The U.S. Forest Service has announced plans for fall prescribed burning on the Methow Valley and Tonasket ranger districts. Fire managers plan to treat about 500 acres across the Wolf Creek, Fawn Creek and Eightmile Creek drainages by underburning. There are brush piles to be burned in the Cub Creek, Chewuch River, Mt. Hull, Bonaparte Lake, Bailey Mountain and Lost Creek areas, the Forest Service said.
Some units include debris created by thinning projects, as well as areas of debris that have accumulated in the absence of fire.
“After a century of actively suppressing fire in our national forests, the amount of debris on the ground in many of these units is uncharacteristically high, and one of the important tools for getting them back to a healthy state is prescribed burning,” said Meg Trebon, Assistant Fire Management Officer for Fuels on the Methow Valley Ranger District. “In these low-elevation areas, fires were historically frequent and burned with generally low intensity. They effectively limited understory tree growth and eliminated ground debris on a regular basis. We now use prescribed fire and thinning to replicate this natural process.”
Previously treated areas were integral in this year’s firefighting efforts, the Forest Service said. On the Tonasket Ranger District, burnout operations were successful for the Tunk Block and North Star Fires because thinning and prescribed burning had already occurred. On the Methow Valley Ranger District, crews were able to safely construct direct fireline in the Little Bridge Creek area because similar treatments helped to lower fire intensity, which also reduced tree mortality and soil heating and helped limit overall fire growth in the area, according to the Forest Service.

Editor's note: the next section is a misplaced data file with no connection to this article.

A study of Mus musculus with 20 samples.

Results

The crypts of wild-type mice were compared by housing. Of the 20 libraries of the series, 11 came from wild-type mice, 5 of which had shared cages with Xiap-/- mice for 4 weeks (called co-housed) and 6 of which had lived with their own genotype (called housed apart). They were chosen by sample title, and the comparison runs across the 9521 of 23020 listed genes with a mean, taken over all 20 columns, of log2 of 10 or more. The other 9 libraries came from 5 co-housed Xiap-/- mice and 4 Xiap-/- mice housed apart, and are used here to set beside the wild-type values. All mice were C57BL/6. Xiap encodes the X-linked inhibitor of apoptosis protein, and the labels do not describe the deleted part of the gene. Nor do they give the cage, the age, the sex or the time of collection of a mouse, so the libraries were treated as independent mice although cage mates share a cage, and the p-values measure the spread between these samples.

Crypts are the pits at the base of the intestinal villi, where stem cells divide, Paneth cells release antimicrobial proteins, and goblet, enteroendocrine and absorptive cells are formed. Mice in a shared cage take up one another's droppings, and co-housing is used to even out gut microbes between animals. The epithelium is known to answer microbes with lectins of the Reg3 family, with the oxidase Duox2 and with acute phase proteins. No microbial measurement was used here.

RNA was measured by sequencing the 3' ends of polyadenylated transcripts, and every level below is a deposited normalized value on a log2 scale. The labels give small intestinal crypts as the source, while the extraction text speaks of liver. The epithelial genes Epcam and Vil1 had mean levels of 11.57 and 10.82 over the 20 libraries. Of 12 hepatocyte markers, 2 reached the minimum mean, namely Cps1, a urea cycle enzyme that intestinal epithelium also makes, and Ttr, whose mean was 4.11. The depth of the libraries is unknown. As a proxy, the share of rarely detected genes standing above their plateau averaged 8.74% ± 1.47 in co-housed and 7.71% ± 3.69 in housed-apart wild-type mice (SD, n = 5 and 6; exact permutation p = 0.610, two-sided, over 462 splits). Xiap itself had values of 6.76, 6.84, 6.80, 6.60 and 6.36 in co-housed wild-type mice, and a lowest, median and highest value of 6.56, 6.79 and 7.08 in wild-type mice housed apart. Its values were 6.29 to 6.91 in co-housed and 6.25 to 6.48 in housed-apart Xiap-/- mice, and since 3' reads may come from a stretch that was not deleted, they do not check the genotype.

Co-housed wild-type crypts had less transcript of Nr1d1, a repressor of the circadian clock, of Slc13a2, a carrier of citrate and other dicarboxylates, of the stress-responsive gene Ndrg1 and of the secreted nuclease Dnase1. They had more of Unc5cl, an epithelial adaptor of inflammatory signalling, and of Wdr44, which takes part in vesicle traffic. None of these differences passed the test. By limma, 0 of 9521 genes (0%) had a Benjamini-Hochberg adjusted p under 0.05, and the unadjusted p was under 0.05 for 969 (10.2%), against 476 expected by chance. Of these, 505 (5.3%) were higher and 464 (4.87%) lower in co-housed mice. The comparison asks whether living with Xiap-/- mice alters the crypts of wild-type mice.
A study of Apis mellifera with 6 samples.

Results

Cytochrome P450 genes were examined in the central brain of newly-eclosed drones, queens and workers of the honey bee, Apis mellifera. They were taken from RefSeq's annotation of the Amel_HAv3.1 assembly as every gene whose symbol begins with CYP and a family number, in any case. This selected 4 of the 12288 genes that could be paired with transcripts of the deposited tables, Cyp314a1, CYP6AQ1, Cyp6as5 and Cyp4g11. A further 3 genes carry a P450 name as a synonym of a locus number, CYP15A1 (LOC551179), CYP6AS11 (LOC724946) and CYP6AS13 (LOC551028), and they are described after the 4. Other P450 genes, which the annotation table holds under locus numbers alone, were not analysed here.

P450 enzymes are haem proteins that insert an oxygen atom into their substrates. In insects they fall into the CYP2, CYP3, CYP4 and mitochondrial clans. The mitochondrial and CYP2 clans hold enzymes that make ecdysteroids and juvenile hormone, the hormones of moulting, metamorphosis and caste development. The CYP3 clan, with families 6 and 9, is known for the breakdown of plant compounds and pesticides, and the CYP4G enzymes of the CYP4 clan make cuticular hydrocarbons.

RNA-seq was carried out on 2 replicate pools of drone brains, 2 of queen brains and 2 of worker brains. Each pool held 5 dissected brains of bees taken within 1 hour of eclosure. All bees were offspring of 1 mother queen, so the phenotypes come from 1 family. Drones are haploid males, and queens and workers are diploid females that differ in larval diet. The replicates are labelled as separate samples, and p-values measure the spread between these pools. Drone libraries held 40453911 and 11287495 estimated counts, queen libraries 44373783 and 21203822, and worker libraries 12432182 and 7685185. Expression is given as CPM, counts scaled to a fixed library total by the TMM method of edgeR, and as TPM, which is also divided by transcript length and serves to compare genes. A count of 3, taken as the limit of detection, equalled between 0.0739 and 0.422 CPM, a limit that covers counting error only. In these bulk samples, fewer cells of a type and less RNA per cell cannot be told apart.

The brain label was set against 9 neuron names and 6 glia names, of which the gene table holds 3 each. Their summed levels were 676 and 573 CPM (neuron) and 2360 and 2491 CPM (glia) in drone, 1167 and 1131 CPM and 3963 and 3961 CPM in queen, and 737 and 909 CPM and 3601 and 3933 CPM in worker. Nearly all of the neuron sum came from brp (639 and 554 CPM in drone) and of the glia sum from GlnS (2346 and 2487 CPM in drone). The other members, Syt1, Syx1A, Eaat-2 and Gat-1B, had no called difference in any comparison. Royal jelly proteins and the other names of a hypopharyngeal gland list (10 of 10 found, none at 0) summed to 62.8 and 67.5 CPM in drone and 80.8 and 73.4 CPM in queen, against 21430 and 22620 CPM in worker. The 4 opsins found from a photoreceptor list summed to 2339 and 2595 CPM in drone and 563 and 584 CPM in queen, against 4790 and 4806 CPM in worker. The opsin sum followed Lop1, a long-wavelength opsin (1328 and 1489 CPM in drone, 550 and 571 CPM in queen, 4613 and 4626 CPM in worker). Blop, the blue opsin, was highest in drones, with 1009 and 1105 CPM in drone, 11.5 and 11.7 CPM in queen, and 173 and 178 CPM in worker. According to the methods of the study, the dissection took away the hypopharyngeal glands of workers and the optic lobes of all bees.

“Crews also had improved options for safe and effective firefighting in the Squaw Creek and McFarland Creek area within the Black Canyon fire,” said Trebon. “They used recent treatment areas as safe anchor points for suppression and were successful with burnout operations because prior fuel treatments reduced fire intensity.”
Burning this fall will only take place when conditions such as humidity, wind direction, speed, and fuel moistures make it safe and effective to burn and when approval for burning has been granted by Washington State Department of Natural Resources. Even after receiving burn approval, fire specialists continuously coordinate with Washington state’s air quality managers about the best timing and locations for conducting prescribed burning.
For more information, call Trebon at 996-4032.